Golf is a game of traditions, but sometimes money trumps tradition, as the PGA is finding out as some of the world’s top golfers have jumped ship to play in the new LIV Golf series. Its first U.S. tournament is slated for this weekend in Portland, Ore.
The PGA has fired back by banning the defectors from playing in PGA events, but Rick Franza, Dean of Hull College of Business at Augusta University, said they may have a tough case if the players decide to challenge the suspensions in court since they are independent contractors, not employees.
“Nothing will be resolved until it goes to court,” Franza said. “I think there are three things that could determine if it goes to court or not. First, if someone playing LIV Golf wants to play in a PGA Tour event and they are barred. Second, if somehow the stance on Majors changes, which I think is very plausible. Third, will these guys be included in the Official World Golf Rankings? This is important because the OWGR help determine automatic entry into the majors.”
The names joining LIV will be familiar to Augustans. They include past Masters champions Phil Mickelson, Dustin Johnson, Patrick Reed, Sergio Garcia, and Charl Schwartzel. Other top golfers who defected include Brooks Koepka, Louis Oosthuizen, Bryson DeChambeau, Kevin Na, Talor Gooch, Lee Westwood, Ian Poulter and Bernd Wiesberger.
While the players have been suspended from PGA tournament play, for now, they will be allowed to play in the four Majors – The Masters, U.S. Open, British Open, and PGA Championship. Of the Majors, only the PGA Championship is run by the PGA.
The LIV Golf series is backed by Saudi Arabian money – lots of it – which is part of the PGA’s public protest of the event. Saudi Arabia has been accused by some people in the United States of being a major violator of human rights.
Running the league is LIV Investments, whose CEO is The Shark, Greg Norman. Because LIV has ties to the billions in Saudi Arabia’s coffers, it has paid more than half-a-billion dollars to the defectors just for them to appear in its tournaments, plus the chance to win additional millions per tournament.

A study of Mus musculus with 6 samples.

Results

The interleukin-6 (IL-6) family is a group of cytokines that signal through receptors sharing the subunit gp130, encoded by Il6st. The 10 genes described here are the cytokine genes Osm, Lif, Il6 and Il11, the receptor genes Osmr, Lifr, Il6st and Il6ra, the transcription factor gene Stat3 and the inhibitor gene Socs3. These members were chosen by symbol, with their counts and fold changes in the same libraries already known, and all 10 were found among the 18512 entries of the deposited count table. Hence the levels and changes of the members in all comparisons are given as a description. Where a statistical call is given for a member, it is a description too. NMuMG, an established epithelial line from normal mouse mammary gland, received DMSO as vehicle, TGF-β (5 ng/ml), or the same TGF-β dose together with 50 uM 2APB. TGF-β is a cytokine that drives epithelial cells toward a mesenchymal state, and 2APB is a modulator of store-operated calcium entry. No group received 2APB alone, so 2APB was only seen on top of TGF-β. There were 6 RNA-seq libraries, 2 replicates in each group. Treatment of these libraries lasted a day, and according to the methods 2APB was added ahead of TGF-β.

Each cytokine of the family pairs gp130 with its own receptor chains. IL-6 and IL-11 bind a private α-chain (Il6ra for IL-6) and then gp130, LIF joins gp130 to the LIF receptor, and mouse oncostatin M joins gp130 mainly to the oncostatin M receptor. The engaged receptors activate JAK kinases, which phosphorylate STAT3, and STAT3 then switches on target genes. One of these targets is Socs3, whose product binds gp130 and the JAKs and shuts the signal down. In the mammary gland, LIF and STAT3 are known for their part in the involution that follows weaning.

The LIV format looks a little different than the average PGA tour. The eight scheduled tournaments will be 54 holes instead of 72 and will be played by 12 four-player teams (the teams are chosen by draft the Tuesday before the tournament). The winning team splits the $20 million top prize, with another $5 million divvied up among the others.
Franza said that by leaving, the players may also be challenging the PGA Tour to change how they do business.
“I think in the grand scheme of things, the guys would like to stay with the PGA Tour,” he said. “But for some of them, it’s a way to try to get the PGA Tour to change things. I don’t know if they (LIV Golf players) are looking for guarantees or not, but they’re probably looking for bigger purses, although purses have already gotten pretty big. I think they may want different events that aren’t all stroke-play events.”
The PGA Tour has recently announced significant prize money increases for some of their tournaments as a response to the LIV Golf series.
Challenges from upstart leagues are nothing new in major sports. Baseball was challenged by the Federal League in 1914-15 and the Mexican League in 1944, and the NFL withstood challenges from the AFL (they merged in 1969) and the World Football League in 1974-75. The NBA faced a challenge from the ABA in the 60’s and 70’s before those two leagues merged and hockey withstood pressure from the World Hockey Association in the 1970’s.